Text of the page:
Wednesday, April 26, 2006

We're Old.

I'm old. Gamers are getting old. Developers are getting old. We're no longer in the realm of the grey-bearded big-iron mainframe developers vs. the cowboy CS-kid desktop developers. The legends of the DooM generation are getting older: Carmack, Wright, Spector - hell, even Gabe and Tycho are middle-aged with families. It blows my freaking mind.

Warren Spector published a quartet of articles in The Escapist about the where the industry is headed. In one instance it seems to be the shadow of big companies getting ready to smash independent developers into a gooey paste, in another he talks about how innovation and independence can spell the industry's salvation.

One particularly nostalgic (although that's not quite the word...) quote was

Maybe this is just a personal problem - a result of my friends and me getting older. Priorities change. Interests change. Time for games seems tougher to come by. Or maybe my values - notably a fascination with
innovation, novelty and forward progress on the story and design side of things - aren't shared by the folks who make up an increasingly international audience. Maybe it isn't games or the game business that have changed - maybe it's me.


Jeff Vogel voiced his opinion on straying outside the norm and how dangerous that can be for an independent developer. Wander too long off the beaten path and you may find it hard to get a lot of buyers on board. However, it could be that the trick is really in finding the right market to land in. Like he says:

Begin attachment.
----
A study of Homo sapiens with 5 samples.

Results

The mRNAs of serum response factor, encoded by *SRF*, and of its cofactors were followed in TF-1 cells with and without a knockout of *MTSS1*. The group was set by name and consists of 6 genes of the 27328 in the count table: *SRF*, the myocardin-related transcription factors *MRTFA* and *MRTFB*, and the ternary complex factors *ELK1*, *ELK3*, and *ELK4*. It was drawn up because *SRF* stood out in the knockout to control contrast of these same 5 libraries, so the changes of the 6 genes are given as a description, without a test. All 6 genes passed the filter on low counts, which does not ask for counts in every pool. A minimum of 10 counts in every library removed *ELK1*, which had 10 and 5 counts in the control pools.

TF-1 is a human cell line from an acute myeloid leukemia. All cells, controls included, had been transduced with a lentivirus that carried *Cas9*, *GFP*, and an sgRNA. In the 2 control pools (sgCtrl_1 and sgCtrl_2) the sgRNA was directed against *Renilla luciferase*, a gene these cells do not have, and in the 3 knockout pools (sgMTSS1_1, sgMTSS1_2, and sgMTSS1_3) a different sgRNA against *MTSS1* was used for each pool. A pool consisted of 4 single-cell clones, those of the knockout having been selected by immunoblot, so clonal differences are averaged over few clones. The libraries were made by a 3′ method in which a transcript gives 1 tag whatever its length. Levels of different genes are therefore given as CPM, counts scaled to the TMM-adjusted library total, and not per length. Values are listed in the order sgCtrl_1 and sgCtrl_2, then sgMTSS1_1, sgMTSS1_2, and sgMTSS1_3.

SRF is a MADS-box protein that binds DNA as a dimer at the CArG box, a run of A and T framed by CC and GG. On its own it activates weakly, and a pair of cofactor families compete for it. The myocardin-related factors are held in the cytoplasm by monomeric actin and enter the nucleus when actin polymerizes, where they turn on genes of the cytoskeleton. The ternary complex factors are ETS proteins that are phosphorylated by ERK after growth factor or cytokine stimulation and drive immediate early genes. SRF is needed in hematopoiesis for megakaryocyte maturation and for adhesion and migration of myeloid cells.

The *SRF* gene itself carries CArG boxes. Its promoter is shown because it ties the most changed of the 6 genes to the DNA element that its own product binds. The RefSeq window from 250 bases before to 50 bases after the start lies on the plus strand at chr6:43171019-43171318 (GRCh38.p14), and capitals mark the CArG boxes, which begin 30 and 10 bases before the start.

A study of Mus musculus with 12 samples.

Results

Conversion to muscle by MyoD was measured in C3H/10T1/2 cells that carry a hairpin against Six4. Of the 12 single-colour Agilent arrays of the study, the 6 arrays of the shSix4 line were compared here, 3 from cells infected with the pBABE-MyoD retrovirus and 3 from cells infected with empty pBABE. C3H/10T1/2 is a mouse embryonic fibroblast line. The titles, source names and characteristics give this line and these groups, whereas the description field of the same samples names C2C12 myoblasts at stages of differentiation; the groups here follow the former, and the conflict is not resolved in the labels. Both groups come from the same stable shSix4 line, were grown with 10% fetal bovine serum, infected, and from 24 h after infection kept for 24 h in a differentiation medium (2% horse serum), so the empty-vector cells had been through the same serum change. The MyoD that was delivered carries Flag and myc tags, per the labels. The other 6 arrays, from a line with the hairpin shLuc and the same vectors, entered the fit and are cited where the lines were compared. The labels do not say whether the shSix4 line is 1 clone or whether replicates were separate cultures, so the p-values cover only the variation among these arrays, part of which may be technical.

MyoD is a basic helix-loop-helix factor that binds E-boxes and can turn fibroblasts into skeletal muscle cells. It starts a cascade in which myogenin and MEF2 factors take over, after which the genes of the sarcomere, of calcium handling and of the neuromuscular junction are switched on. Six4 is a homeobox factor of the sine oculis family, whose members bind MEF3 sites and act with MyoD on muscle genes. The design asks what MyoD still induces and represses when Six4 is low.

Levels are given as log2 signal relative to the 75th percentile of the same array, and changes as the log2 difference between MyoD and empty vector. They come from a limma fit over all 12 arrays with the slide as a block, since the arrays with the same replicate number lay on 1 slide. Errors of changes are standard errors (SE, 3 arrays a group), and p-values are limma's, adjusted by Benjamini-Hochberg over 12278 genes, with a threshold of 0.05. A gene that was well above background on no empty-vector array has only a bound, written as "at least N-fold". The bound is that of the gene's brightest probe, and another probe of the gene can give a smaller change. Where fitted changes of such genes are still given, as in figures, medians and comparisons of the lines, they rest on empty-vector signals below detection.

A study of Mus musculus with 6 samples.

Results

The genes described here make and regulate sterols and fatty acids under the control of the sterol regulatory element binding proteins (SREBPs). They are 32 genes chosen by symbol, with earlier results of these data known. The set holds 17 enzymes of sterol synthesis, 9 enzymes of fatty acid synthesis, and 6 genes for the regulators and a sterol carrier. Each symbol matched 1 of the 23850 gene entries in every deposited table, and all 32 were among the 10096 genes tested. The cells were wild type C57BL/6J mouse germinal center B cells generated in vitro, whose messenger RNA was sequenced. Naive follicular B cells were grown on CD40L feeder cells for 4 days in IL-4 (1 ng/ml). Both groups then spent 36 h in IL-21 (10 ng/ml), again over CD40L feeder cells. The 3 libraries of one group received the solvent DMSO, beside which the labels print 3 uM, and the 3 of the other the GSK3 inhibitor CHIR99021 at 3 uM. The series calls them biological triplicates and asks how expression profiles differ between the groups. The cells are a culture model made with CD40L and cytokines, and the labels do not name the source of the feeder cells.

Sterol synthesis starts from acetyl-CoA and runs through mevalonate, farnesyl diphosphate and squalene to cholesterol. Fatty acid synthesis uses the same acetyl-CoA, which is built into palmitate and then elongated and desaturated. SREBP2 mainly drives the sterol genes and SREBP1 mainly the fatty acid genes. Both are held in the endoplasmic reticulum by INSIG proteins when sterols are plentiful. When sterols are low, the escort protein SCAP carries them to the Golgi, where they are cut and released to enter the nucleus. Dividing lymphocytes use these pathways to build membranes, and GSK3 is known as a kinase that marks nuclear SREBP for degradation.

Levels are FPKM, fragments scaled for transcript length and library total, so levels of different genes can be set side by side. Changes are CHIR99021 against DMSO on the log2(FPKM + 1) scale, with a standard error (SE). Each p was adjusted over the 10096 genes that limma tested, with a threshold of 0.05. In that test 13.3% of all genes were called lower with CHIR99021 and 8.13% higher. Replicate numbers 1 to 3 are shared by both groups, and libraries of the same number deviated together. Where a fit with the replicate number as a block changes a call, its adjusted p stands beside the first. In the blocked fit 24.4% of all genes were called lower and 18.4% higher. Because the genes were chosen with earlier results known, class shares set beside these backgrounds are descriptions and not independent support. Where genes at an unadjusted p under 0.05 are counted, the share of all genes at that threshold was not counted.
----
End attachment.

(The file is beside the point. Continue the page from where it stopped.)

There is nothing scarier that aiming at a market that doesn't exist yet. It might not exist at all.


It's like Warren spells out in his article...

GTA clones are making money hand over fist. All we have to do is keep making them until players tell us to stop.


So now gamers are getting older and getting families. Want to know the way to hit that demographic?
  • Load times should be in seconds and not minutes. I should hit an icon, here a few clicks of the hard drive and be able to pick up right where I left off. I'm tired of skipping through layers and layers of splash screens, logos, intro videos, copyright text, menus, etc.
  • If I log in to my machine, I should see my own savegames and restore my own convoluted settings. If someone else logs on to the same machine, they should have their own save points and key bindings. Linux has been doing this for years; how hard is it to write preferences to the user's home directory?
  • Make play controls so simple it's almost sophomoric. Carmack definitely had the right idea when he made the user interface limited to just a handful of keys... you don't need to bind the entire keyboard for a FPS.
  • Break things into digestible chunks. You should hit natural "breaking points" often... there's a good chance that you'll forget what the hell is going on in some long convoluted errand when you can only do ten minutes at a time.